How do I know if my child has a food allergy?

02/01/2006
While many children who experience food allergies develop symptoms early in life, others develop sensitivities to certain foods as they reach school age or even later. The onset of a food allergy can be sudden, and symptoms vary. Once an allergy is identified, avoiding the food becomes critical, although some children will outgrow their allergies.

A food allergy develops when the body’s immune system reacts with an antigen, or foreign substance, in a particular food. The body produces a protein that reacts with the antigen to release histamine, which causes adverse reactions in the digestive or respiratory systems, or on the skin. An allergic reaction can be as mild as an upset stomach or rash — or as severe as gastrointestinal pain, labored breathing and, in some cases, anaphylactic shock or death, explains Maria Garcia-Lloret, M.D., UCLA pediatric allergist and immunologist at Mattel Children’s Hospital at UCLA, and co-director of UCLA’s Food Allergy Clinic.

While any food can be the source of an allergic reaction, according to Dr. Garcia-Lloret, 90 percent of all food allergies are caused by peanuts, eggs, milk, shellfish, wheat, tree nuts, soy and fish.

Signs and Symptoms
Allergic reactions to food may manifest in children as hives, which is an itchy rash that appears within minutes of eating a particular food. Lip and facial swelling may also occur.

Another common condition, especially in infants, is eczema, a chronic skin rash that can range from hot, dry itchy skin to more severe cases that leave skin bleeding and raw.

Food allergies may also cause indigestion, diarrhea or vomiting. “In some children, gastrointestinal problems or a general failure to thrive may be misdiagnosed as resulting from stress or poor diet,” Dr. Garcia- Lloret notes.

The most severe and potentially fatal allergic reaction — anaphylaxis — occurs when the body’s immune system reacts to otherwise harmless food proteins, resulting in constricted breathing, shock or death. For people with severe allergies, a doctor may recommend carrying epinephrine, a small dose of adrenaline, at all times.

In most cases, an allergist can diagnose food allergies using simple skin patch or blood tests. Physicians, along with a nurse and nutritionist, in UCLA’s Food Allergy Clinic provide testing and long-term monitoring to understand the condition and to help implement lifelong dietary changes.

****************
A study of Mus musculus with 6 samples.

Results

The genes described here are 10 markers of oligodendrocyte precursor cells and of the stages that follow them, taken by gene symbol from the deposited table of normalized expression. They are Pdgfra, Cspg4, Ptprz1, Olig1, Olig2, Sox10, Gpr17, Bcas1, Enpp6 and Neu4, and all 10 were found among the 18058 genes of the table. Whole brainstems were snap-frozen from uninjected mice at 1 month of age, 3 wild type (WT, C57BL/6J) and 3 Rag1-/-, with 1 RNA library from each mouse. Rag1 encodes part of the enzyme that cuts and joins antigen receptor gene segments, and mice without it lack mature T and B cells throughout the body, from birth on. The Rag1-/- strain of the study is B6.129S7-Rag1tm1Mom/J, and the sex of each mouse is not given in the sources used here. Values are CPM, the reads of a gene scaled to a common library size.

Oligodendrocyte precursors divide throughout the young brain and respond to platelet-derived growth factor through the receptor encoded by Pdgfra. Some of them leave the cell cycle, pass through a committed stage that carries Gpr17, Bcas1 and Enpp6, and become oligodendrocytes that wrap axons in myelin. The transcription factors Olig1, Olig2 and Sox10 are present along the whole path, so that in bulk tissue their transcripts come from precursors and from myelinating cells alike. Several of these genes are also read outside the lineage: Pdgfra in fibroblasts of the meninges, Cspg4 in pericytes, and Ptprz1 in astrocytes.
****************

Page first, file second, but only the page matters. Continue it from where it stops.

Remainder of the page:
Lifelong Monitoring
Many children grow out of their allergies by grade school, according to Dr. Garcia-Lloret. While the reasons for this remain unclear, one theory is that the immune system, which may not have been fully developed at birth, matures as the child grows. “Children who had a food allergy before 3 years old should retest in grade school,” Dr. Garcia-Lloret advises. “Some children follow restricted diets when, in fact, they are no longer allergic and can begin to enjoy foods that were once off-limits.”

On the other hand, children who never had allergies but begin to experience recurrent symptoms such as rashes or stomachaches may have developed a reaction to a certain food. “As children grow older, they are exposed to more and more antigens,” Dr. Garcia-Lloret explains. “Once in a while, the antigens may suddenly become confused, react with each other, and make the child react differently to a particular food.”

At present, the main treatment for food allergy is strict avoidance of the allergy-causing food to prevent an allergic reaction. Dr. Garcia-Lloret advises parents and children to ask questions about ingredients when eating out, and to read food labels carefully. She cautions, “Learn the ‘code’ words for certain ingredients, which may contain harmful derivatives of the food your child cannot eat.”

This information is provided courtesy of the pediatricians at the Mattel Children’s Hospital at UCLA. UCLA Healthcare pediatricians are conveniently located in your neighborhood. In addition to our Children’s Health Center in Westwood, we have offices in Brentwood, Culver City, Manhattan Beach, Santa Monica, and West Los Angeles. Additional information can be found on the UCLA Healthcare web site at www.healthcare.ucla.edu or by calling 1-800-UCLA-MD1 (1-800-825-2631).